I love Monday mornings, and many of you may take that comment as further proof I have a screw loose. Perhaps I do, but the Mondays after this column runs are my favorite times of the month. The feedback, comments, compliments and, in some cases, attacks keep me on my toes.
Some observations from 2007:
My columns about employee-employer issues generate the most response. In fact, I see copies of some of those columns in the most amazing places: pinned to workplace bulletin boards, posted in lunchrooms, placed in paycheck envelopes.
But agreement is not always 100 percent. Some articles about the way employees can cheat businesses resulted in a lot of responses that businesses take advantage of staff in a much larger fashion than we could imagine.
The scam articles make people laugh. It seems a large part of the population laughs down on others and finds the fact that people actually do fall for some of these scams laughable. They wonder why anyone could ever believe that Nigerians want to send you millions of dollars or that the check you get in the mail from some stranger actually is real.
But the millions of dollars that these scams drain from the economy is really not very humorous, and is very, very real.
Opportunities come to me because of this column.
A group of Realtors asked me to speak a second time about, of all things, economic development, which is not as odd as it seems. You see, in 2007, more than 300,000 potential clients, buyers and customers have contacted the Better Business Bureau office in Spokane to gather pre-purchase information.
That makes us a leading economic indicator, and some day we will harness that data and use it to predict purchasing. For example, if inquiries on car dealerships increase, we will have the ability to let dealer networks know and they can staff up, measure ad campaigns or calculate their focus based on consumer traffic to their reliability reports.
The BBB knows that when a person checks on a business, they usually spend that money in the next four weeks. Someday, we will know what we know and we can help businesses measure success and gauge demand.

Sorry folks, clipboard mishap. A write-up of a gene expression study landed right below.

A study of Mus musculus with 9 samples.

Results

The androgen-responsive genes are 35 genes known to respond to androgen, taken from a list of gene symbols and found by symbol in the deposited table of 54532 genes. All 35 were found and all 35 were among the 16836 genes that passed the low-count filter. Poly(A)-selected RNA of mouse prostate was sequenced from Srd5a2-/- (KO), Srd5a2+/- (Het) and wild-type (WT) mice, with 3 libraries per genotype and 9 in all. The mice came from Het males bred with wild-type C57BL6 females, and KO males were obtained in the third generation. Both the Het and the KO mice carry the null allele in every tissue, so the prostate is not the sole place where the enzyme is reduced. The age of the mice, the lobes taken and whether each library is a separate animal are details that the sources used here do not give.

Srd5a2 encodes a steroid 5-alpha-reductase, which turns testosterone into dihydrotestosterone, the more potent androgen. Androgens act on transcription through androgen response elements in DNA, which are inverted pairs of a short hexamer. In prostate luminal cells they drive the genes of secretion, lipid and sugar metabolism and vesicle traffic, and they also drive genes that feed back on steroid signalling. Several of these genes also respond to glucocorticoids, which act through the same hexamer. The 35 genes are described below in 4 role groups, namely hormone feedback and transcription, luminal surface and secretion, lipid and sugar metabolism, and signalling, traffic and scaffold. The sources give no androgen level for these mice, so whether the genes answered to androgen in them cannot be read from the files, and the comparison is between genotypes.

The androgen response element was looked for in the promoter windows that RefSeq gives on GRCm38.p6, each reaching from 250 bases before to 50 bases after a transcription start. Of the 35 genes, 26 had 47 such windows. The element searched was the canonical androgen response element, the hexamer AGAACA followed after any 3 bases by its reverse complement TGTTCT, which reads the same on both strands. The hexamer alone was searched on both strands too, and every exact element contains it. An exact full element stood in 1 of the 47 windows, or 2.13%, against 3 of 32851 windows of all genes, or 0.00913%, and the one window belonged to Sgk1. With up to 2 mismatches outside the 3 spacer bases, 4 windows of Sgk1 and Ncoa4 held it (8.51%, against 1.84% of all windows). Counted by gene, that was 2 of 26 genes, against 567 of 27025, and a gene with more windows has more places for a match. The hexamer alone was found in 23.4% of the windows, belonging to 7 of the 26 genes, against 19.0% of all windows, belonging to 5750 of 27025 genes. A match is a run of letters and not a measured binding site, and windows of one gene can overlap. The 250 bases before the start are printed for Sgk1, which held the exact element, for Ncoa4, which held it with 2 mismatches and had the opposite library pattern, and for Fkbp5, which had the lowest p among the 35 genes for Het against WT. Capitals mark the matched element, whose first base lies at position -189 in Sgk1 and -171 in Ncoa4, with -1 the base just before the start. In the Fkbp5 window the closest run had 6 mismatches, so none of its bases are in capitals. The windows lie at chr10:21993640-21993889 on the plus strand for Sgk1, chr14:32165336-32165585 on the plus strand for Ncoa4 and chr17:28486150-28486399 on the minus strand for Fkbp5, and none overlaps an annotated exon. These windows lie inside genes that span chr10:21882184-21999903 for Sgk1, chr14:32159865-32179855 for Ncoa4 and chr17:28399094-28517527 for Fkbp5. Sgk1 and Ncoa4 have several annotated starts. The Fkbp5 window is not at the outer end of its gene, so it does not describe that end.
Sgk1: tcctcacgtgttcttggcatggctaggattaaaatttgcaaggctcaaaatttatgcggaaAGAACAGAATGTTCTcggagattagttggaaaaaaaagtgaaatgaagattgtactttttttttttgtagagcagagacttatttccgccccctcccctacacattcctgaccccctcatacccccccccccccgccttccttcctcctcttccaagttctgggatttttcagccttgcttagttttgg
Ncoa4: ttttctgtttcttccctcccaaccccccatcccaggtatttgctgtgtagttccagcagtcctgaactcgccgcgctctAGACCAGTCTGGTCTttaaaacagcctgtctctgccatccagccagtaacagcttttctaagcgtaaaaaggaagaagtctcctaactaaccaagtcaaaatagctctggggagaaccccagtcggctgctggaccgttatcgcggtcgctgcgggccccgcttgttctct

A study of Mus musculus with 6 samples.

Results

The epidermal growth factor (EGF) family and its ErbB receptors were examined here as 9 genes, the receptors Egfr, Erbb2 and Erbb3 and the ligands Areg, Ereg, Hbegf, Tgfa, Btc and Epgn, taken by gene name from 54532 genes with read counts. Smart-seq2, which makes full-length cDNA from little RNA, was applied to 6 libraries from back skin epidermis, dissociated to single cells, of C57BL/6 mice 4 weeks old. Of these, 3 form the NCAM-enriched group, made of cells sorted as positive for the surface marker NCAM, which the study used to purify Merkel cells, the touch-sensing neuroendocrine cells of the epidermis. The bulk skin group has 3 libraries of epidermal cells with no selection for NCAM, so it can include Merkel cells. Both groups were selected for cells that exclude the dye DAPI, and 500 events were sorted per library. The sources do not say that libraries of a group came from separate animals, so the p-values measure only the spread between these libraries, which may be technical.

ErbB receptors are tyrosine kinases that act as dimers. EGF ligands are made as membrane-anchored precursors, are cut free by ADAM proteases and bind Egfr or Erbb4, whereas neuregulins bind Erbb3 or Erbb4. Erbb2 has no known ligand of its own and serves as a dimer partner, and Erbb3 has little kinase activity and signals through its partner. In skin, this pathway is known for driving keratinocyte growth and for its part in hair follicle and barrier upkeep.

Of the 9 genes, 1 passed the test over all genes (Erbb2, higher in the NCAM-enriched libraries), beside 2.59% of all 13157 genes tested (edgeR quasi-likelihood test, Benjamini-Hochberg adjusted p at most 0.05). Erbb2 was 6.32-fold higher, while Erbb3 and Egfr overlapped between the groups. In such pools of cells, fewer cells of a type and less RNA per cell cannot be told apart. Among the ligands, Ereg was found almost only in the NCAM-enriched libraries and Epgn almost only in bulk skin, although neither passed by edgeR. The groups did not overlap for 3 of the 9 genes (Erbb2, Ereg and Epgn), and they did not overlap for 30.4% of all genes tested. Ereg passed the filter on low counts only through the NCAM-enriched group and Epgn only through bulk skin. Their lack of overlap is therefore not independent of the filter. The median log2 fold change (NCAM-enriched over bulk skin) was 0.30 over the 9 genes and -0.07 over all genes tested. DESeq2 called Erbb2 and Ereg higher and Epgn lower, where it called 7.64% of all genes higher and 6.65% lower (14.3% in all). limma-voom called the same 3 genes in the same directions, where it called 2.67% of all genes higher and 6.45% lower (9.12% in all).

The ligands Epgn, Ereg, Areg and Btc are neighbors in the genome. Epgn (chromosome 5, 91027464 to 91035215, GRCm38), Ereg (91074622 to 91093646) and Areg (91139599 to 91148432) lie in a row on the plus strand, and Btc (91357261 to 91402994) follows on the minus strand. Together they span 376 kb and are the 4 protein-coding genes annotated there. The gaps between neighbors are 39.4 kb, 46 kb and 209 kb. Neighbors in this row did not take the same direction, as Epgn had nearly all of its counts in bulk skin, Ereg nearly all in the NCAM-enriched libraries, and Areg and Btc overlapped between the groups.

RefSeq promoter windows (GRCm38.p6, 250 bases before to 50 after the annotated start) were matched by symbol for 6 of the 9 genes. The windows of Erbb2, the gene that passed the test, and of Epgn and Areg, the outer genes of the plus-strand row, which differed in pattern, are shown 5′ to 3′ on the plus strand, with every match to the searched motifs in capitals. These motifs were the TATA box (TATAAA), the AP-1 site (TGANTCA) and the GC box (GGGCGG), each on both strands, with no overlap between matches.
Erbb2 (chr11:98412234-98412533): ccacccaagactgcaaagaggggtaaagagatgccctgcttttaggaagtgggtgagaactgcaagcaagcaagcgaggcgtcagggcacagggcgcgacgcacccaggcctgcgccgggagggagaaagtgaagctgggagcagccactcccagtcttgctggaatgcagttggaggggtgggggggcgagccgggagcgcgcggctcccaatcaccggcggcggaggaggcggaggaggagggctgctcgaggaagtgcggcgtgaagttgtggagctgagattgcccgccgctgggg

Another group requested a presentation on screening employees, a favorite subject of this column. This specific group is closely aligned with the legal community and law enforcement. When I stood before them and asked for a show of hands of who conducts background checks on potential employees, not a single hand was raised, and this was a group you’d expect to understand the benefits of safety prevention when it comes to checking backgrounds. I was really surprised.
But one of my favorite columns ended with an invite to Whitworth University to speak to a group of professional graduates. The particular column is one I refer to as “The Thong and Cleavage” article, which discussed appropriate dress for women in the workplace. Each year, I now spend a lovely evening with a group at Whitworth talking about professionalism. I love it, and I guess they do, too.
One on one
One-on-one communication with readers is the most rewarding experience of writing this column. Earlier this fall, I got a call from a small office supply business in Spokane. They wanted to spend some time with me talking about how the heck they can compete ethically and honestly with the larger retailers.
They shared that they were fighting an uphill battle when it comes to pricing on the loss leaders, like copy paper and other heavily consumed office products. While the big guys can sell copy paper at a loss, they are hiking up prices on other items.
Getting business owners to look deeper than a ream of paper in an ethical manner can get frustrating. They so want to do the right thing that they avoid running down the competition. Their mission is to over-service their customers so there is no question of value. How refreshing!
We also talked about businesspeople who promote supporting local companies who do not live that line. There are times when I would love to spend these 800 words holding accountable all sorts of folks – businesses, politicians and consumers alike – for what they say as opposed to what they do.
Those who smile and promise all the while knowing they have no intention to follow through are quite disturbing, because they are so darn believable and vocal about it.
My sage advice to these business partners is to keep doing things right. While you may not always win the business, you will certainly win respect from your staff, your peers and your family. Ethics are not like a kitchen faucet that you simply turn on and off. They are the foundation where everything springs forth. Anything you do to chip away at that foundation is a bad idea.
My crystal ball is not working, so who knows what 2008 will bring. I only hope people keep asking questions, offering ideas and inviting me to address a variety of topics. I wish you all the best in whatever you may be celebrating this season.